Summer Lovin’: Beach Reads for Your iPhone

Summer Lovin': Beach Reads for Your iPhone

Summer Lovin’: Beach Reads for Your iPhone

If you are already familiar with reading on your iPhone then the Nook reading app will be no stranger to you. With summer coming just around the corner and you’re ready to get your summer reading on with the NOOK best reading apps for iPhone, what is better than planning your beach reads? With more weekends spent on the beach, fizzy drinks and cocktails for the longer days and shorter nights which gripping reads are most worth you time? A better question to ask is–what makes a beach read?

Truth is, a beach read is rather difficult to define. While some of our initial thoughts might be on summer romance and comedies, there is more to the term. People have read anything from Virginia Woolf to Sophie Kinsella while lying on the scorching sand. Don’t hold yourself back from enjoying some diversity in your beach reads this summer. A beach read encompasses the qualities of a page turner, and is compelling and simplistic enough to digest under the hot weather. Perhaps it won’t have the dramatic heartbreaking plot twist, but ideally we’re not looking to shed anything aside from sweat on the beach.

Check out some of these awesome beach reads, beach bums!

The Story of Land and Sea by Katy Simpson Smith
This novel is on the sadder end of the beach read spectrum but nonetheless worth a look. Set by a quiet seaside, this story follows the lives of a family that is bound by where they live–by the sea. The storyline is both troubling and moving as it touches on the exploitative relationships between owners and slaves. If you’re someone that admires historical settings, thoughtful and religiously inflected literary fiction, this novel is highly recommended. But if you’re looking for something more upbeat, move on down this list!

The Vacationers by Emma Straub
Coming back around to something more upbeat, as the title reflects, this novel is a story about a family on vacation. In the story we get to know a family that is seeking reconciliation between one another and try to do so during a two week vacation. This read is light and contains clean prose. Despite sometimes being harsh on statements, the novel is often humorous and brings to the reader some well articulated insights on family relationships. In a follow up to the vacationing experience, Straub also manages to address the post vacation issues of the family to leave the reader with a better sense of closing.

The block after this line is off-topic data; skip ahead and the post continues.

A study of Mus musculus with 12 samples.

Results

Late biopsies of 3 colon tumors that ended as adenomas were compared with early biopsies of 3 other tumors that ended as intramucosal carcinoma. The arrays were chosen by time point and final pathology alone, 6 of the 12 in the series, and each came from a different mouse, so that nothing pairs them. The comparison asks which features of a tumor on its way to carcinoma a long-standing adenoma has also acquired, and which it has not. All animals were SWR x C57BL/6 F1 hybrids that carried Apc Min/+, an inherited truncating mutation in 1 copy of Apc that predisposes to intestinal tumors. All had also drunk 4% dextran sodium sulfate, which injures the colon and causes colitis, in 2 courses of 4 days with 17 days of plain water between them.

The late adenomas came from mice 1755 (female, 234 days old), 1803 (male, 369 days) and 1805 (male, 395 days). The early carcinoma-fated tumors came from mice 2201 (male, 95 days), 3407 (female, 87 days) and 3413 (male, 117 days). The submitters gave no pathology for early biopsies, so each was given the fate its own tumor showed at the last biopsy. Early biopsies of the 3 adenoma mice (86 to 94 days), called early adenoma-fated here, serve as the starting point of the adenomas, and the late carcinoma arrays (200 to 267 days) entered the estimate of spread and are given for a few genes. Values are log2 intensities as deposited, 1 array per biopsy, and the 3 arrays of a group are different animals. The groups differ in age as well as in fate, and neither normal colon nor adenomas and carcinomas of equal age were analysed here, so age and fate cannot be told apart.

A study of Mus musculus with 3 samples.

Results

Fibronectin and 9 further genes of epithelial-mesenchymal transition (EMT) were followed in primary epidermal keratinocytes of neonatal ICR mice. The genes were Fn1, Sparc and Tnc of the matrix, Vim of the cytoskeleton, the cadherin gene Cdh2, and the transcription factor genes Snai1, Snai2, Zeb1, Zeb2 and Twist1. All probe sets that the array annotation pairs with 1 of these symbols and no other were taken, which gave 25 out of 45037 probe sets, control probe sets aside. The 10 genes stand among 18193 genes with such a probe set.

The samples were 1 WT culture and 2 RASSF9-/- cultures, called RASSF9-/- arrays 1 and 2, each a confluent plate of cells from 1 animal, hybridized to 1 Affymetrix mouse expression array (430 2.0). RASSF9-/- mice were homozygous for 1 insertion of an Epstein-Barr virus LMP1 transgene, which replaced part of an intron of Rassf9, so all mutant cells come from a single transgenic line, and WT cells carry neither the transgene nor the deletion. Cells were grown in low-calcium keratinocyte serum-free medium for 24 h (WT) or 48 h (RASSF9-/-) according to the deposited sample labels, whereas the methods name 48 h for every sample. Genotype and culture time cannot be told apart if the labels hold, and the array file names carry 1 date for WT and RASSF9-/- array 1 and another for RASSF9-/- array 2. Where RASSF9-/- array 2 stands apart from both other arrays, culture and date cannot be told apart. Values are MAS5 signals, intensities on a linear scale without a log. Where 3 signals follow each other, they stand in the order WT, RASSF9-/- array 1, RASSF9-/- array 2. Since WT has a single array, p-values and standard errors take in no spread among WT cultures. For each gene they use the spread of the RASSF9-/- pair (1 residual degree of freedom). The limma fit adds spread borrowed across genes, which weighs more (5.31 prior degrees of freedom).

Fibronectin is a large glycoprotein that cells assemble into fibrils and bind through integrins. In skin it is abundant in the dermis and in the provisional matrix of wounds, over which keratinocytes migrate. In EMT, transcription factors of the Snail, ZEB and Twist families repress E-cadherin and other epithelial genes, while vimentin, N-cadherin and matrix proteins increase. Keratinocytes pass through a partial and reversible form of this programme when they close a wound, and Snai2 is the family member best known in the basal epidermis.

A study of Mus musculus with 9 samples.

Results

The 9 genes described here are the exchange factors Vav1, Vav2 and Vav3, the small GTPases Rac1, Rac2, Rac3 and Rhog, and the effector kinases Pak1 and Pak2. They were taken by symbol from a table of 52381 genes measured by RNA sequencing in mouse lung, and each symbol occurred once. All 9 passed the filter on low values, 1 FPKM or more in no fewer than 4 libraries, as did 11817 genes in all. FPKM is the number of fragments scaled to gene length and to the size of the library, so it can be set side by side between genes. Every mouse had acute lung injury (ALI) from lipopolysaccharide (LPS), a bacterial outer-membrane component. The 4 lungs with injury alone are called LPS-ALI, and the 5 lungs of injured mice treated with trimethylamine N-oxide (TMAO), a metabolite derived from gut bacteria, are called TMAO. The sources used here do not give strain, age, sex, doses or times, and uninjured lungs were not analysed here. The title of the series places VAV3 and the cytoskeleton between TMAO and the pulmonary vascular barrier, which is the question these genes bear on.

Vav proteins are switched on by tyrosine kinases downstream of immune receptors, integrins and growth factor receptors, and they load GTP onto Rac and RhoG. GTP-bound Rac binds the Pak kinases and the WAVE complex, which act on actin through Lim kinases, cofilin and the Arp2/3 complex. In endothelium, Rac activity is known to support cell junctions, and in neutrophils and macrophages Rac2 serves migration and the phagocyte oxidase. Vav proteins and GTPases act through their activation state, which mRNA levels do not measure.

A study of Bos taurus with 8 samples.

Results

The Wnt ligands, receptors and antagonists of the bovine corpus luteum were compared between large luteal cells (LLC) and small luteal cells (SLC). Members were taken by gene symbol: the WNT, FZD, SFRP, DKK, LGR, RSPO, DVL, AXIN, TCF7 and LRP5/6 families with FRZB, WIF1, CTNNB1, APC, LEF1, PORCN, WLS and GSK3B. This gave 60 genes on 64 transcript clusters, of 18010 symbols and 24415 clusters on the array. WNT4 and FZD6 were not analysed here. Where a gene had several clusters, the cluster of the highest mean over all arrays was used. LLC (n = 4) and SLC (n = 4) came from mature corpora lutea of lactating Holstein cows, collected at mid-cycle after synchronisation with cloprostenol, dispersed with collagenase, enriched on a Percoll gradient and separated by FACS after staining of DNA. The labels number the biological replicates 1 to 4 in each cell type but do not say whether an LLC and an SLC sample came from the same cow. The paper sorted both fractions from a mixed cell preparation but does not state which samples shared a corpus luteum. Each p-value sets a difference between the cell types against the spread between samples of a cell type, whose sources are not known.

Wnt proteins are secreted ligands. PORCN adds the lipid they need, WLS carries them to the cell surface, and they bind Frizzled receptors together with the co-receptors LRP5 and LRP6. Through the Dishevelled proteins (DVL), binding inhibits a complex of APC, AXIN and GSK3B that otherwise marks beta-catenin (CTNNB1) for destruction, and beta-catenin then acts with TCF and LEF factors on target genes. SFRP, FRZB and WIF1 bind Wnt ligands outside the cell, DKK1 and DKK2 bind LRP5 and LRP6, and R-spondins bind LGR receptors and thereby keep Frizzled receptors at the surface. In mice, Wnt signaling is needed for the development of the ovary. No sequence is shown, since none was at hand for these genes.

Lost For Words by Edward St. Aubyn
You’ll be at a lost for words as you turn through the pages of satire and uncovering some uncomfortable truths throughout the novel. It doesn’t contain the usual depth of St. Aubyn’s previous works but it’s precisely what we need for a light beach read. The satirical social observations and straight-to-the-point British humor will leave you laughing as you bathe in the sun. Surely this must be a happy storyline if it’s that satirical? You would be wrong. St. Aubyn brings to us some dark humor making it very entertaining for the cynics inside all of us to read this novel.

California by Edan Lepucki
Are you a fan of young adult novels with the themes of dystopia? ‘California’ opens with a couple that has been chosen to flee to Los Angeles because of a combination of an oil crisis and natural disasters triggered by global warming. It follows their relationship through this rare and profound dystopia and is definitely a page turner. Tension mounts throughout the storyline and with each chapter comes a new perspective from new characters. As a debut novel, this is one of the strongest ones on the market by far. For those who are fans of Suzanne Collins and her works, this is a must for your beach reading list this summer. Who knows, this might even turn into a movie one of these days!

Lucky Us by Amy Bloom
An abstract, fantasy version of the American Dream, this novel captures one family’s quest to find it. This is only Bloom’s second novel and she’s already been nominated for a National Book Award. Based on life shortly after World War II, the protagonist sets out to meet her half-sister following her father’s death. Fans of historical fiction will find interest in the exploration of life at home during and following World War II in this novel. Bloom manages to paint a story out of a number of carefully arranged letter exchanges, modern imagery of the American Dream and overwhelming optimism of the characters in various scenes. Because of these bigger than life characteristics, characters in this book sometimes appear to be less relatable and more artificial to the reader–Bloom blurs the boundaries of fable and reality.